Power and Masculinity: The Myth of Fulfilment
Men are taught to seek power for fulfilment, and not to show any kind of weakness in the battle for it. There: the lies that’ve f*cked up millions for generations.
Power – we all want it, but what happens if you get it? Fulfilment, you imagine. But then a casual look around your office may make you wonder if that is the case. Plus the stories you read of the powerful succumbing to stress and addiction and worse corruptions. And for those who have experienced power, you know it’s no sudden mountaintop of peace and tranquillity. Instead the real battle starts: not to get power, but to keep it. Trouble is, the powerful, and particularly powerful men are, almost by definition, not supposed to show any kind of strain – weakness is not allowed at the moment when they are under more strain than ever. These are the great destructive myths about power and men. Here, psychologist Dr Chloe Paidoussis-Mitchell talks about the relationship men have to power, and why it has to change instead of having to live under a mask…
The common belief is that men who behave ruthlessly and selfishly with Machiavellian intent rise to power. Lots of psychological research however has shown that this is not actually the case. The men who are perceived as powerful and indeed rise to positions of power are those who foster meaningful connections, build strong social bonds and are able to show commitment and care for the greater good of their mates, their clubs or their communities. This is how they recruit support and momentum to become powerful.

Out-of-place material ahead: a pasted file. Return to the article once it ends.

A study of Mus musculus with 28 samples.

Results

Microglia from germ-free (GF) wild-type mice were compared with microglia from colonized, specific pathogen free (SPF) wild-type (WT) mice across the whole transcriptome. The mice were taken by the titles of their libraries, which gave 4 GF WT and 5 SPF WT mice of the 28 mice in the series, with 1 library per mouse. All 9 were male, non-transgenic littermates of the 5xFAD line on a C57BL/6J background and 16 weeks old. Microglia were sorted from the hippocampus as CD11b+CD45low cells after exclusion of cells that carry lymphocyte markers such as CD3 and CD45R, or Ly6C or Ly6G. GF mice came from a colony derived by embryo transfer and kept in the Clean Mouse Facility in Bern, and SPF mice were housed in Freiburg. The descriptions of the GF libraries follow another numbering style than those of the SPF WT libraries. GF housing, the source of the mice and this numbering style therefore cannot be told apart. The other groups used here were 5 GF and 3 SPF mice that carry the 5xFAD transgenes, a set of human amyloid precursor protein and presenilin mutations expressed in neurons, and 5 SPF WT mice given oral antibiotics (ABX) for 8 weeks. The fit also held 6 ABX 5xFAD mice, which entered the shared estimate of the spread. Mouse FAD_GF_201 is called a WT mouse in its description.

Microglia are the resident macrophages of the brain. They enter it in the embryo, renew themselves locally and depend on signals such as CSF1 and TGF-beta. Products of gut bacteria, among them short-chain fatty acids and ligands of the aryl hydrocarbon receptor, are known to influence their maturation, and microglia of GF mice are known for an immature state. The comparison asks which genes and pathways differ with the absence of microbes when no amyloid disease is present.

The corruption and deterioration of values and behaviour emerges when these men occupy actual power. This is a dirty game and many men suffer huge psychological and mental distress because of this.
As a psychologist I work with many male senior business figures who are in powerful and influential positions. What they come to me with is permission to express their distress, angst, confusion and sometimes rage at the absurdity that power brings to their existence.
Becoming powerful is not easy. You have to look strong. Show certainty. Make decisions that may not feel morally right but are efficient and better for the business machine you are contracted to serve. When in power you cannot be seen to be feeling lost, uncertain, unsure, upset, hesitant, unknowledgeable, hurt, sensitive, in need of reassurance, or a hug – in fact you are not allowed to be emotional and vulnerable at all.
Being in a position of power as a man is virtually to live under a mask, pretending to be invulnerable (when it’s not true), keeping absurdly busy (planning each next move to stay ahead while actually missing the moments of the here and now) and avoiding the existential anxiety caused by the absurdity of success with self-medicating behaviours and sometimes promiscuity.
Sadly, power does not bring with it fulfilment, meaning or choice. It is another kind of slavery to doing what is necessary to maintain power, to be resilient in the face of such absurdity and to try and do so with a sense of dignity and courage. My argument is that we must change the debate on what is resilience and find ways to support and expand these men of power.
Psychological research shows that resilience is actually developed not when men pretend to be untouchable, heroic and tough. But actually in quite the opposite fashion: when men learn to accept their vulnerability, they soften up and let go of their machismo. In my view men need permission to acknowledge this and resiliently deepen their understanding of what it means to be in power. The personal price is rather a big one. Not one to be jealous of.